We study molecular mechanisms of neuronal communication. Our current research projects focus on a highly specialized and fascinating sub-cellular compartment: THE PRESYNAPTIC ACTIVE ZONE.
Como siempre, el genio de la vida, al construir sus obras portentosas, brilla en lo pequeño mucho mas aún que en lo grande.
Santiago Ramón y Cajal
Synapses are specialised intercellular contact sites, which serve as the communication link between neurons and their partner cells. At chemical synapses, calcium-ion influx triggers the fusion of transmitter-laden vesicles with the presynaptic membrane at a specific sub-cellular region termed the active zone. Transmitter substances released by this process then diffuse across the synaptic cleft and are sensed by postsynaptic receptors to convey signal transduction. A hallmark of synaptic transmission is its plasticity, which enables synapses to regulate complex brain processes by filtering, modifying, or integrating information. The details of active zone physiology and how its modulation contributes to synaptic plasticity are, however, far from understood.
By combining genetics with high resolution opto- and electrophysiological methods in Drosophila melanogaster (Dawydow et al., 2014; Ehmann et al., 2014), our research programme investigates how active zone physiology is modified by activity-induced plasticity in the behaving animal. To this end, molecular dynamics are followed at single synapse resolution and neurotransmission is both evoked and measured in an intact, alive, and genetically most amenable organism.
Our research projects follow a common strategy to link multiple levels of biological organisation. First, the experimentally accessible larval neuromuscular junction (NMJ) is employed to identify basic molecular underpinnings of active zone function and then the obtained results are transferred to the adult central nervous system (CNS). This approach enables us to study molecular mechanisms of active zone plasticity in the context of neuronal information coding and memory formation (Ehmann et al., 2017; Rozenfeld et al., 2023).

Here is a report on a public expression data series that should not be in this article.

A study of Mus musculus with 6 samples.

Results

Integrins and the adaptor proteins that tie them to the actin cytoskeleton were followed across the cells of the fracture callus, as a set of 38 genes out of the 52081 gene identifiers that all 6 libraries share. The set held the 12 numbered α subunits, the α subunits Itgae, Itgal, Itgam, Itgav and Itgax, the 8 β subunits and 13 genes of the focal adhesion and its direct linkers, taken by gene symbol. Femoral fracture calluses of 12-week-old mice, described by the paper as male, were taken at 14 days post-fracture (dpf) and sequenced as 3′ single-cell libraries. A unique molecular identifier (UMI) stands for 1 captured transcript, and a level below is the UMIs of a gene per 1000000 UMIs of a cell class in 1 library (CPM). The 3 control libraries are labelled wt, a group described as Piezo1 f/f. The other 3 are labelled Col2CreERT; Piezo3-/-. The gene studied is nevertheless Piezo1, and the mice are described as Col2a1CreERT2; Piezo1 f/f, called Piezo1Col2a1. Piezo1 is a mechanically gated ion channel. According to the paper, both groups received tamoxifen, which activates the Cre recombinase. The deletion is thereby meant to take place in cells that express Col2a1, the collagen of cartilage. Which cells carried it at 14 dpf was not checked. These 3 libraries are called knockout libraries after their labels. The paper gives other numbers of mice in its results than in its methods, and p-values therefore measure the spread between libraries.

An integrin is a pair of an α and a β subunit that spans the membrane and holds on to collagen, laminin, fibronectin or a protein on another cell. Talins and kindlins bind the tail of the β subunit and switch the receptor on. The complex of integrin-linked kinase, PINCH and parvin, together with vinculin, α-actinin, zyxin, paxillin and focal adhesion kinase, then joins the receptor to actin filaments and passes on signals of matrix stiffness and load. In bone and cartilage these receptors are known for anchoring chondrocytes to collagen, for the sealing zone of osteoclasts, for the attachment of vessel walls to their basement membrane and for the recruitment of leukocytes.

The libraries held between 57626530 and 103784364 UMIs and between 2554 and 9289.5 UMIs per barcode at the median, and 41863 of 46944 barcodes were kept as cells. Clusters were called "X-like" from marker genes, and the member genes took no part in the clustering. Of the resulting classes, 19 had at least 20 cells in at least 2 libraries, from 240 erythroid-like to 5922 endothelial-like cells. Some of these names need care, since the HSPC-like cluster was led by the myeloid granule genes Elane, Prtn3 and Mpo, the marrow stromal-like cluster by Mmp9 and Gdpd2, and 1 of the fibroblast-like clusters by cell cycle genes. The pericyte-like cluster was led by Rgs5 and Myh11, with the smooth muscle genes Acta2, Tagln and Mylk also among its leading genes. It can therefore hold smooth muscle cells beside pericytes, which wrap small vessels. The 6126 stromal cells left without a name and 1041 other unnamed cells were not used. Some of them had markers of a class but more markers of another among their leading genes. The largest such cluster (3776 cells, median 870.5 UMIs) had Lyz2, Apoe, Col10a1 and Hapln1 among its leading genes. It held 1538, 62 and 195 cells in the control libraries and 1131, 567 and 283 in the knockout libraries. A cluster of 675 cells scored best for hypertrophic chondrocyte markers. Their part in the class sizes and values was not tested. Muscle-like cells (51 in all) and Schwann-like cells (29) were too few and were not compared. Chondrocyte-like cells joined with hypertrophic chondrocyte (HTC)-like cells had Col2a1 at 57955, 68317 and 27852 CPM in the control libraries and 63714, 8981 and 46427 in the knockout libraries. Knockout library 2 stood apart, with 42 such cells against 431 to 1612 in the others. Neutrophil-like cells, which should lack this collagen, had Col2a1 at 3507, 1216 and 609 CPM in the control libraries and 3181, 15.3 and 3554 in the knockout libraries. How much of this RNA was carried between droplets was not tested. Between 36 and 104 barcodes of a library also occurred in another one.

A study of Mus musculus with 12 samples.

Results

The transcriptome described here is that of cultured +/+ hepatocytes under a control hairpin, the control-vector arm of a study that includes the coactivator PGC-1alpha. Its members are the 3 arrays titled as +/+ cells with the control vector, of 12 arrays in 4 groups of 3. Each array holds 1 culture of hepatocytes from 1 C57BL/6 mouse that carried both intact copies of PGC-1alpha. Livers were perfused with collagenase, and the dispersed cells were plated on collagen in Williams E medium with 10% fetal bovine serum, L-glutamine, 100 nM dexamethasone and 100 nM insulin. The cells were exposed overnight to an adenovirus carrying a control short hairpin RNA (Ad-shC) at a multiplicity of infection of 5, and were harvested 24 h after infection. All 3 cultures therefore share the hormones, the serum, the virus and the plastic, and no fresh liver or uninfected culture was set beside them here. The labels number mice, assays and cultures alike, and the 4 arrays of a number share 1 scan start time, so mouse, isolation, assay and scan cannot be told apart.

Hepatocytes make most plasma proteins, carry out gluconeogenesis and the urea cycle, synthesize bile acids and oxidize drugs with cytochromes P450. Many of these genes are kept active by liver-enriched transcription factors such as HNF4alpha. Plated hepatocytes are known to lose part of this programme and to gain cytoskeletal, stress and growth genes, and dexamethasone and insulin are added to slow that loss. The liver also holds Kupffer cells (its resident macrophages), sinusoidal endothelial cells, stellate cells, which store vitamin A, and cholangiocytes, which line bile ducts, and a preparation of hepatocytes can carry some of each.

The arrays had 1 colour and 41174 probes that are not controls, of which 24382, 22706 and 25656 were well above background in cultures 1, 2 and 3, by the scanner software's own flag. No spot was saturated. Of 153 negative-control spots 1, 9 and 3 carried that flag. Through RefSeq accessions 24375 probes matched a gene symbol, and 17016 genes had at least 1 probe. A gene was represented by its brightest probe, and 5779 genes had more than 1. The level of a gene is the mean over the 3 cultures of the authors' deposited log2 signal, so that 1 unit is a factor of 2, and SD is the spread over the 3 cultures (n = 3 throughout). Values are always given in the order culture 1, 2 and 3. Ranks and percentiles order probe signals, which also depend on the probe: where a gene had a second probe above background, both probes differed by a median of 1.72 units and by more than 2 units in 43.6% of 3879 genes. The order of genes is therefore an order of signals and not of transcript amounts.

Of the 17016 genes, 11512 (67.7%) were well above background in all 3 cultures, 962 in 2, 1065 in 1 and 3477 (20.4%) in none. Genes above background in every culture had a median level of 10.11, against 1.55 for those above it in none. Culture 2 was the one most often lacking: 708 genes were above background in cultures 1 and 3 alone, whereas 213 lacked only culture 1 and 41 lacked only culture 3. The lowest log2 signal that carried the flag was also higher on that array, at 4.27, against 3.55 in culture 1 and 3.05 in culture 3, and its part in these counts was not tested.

Adhesion-type G protein-coupled receptors (aGPCRs) form a large class of seven- transmembrane spanning receptors involved in a number of critical developmental, immunological and neuronal processes (aGPCR Consortium). In collaboration with Tobias Langenhan, and supported by the former DFG-Research Group FOR 2149, we discovered that Latrophilin/CIRL, a prototype member of this receptor class, operates as a metabotropic mechanosensor in Drosophila (Scholz et al., 2015; Scholz et al., 2017).
Based on these findings, we have now extended our work to nociceptors (Dannhäuser et al., 2020). Together with our clinical colleague, Heike Rittner, we are pursuing a translational approach to investigate basic mechanisms of nociception and to explore the receptor's therapeutic potential. As part of the Clinical Research Unit KFO 5001, our research programme aims to identify further target molecules for nociceptor tuning and to examine the role of active zone components in neuropathy.
In the frame of the DFG Priority Program "Evolutionary Optimization of Neural Processing" SPP 2205 our ongoing investigations have uncovered that different olfactory sensory neurons possess subtype-specific molecular organizations of the active zone. This finding is in line with recent work highlighting that active zones display considerable heterogeneities at functional and ultrastructural levels, not only between species and different cell types, but also between individual release sites of the same neuron.
It is thus an important research goal to identify evolutionarily conserved core features of the active zone and to distinguish these from specializations, which occur in adaptation to particular physiological demands. We are therefore exploring active zone properties in an evolutionary context and are extending our studies to early-branching animals.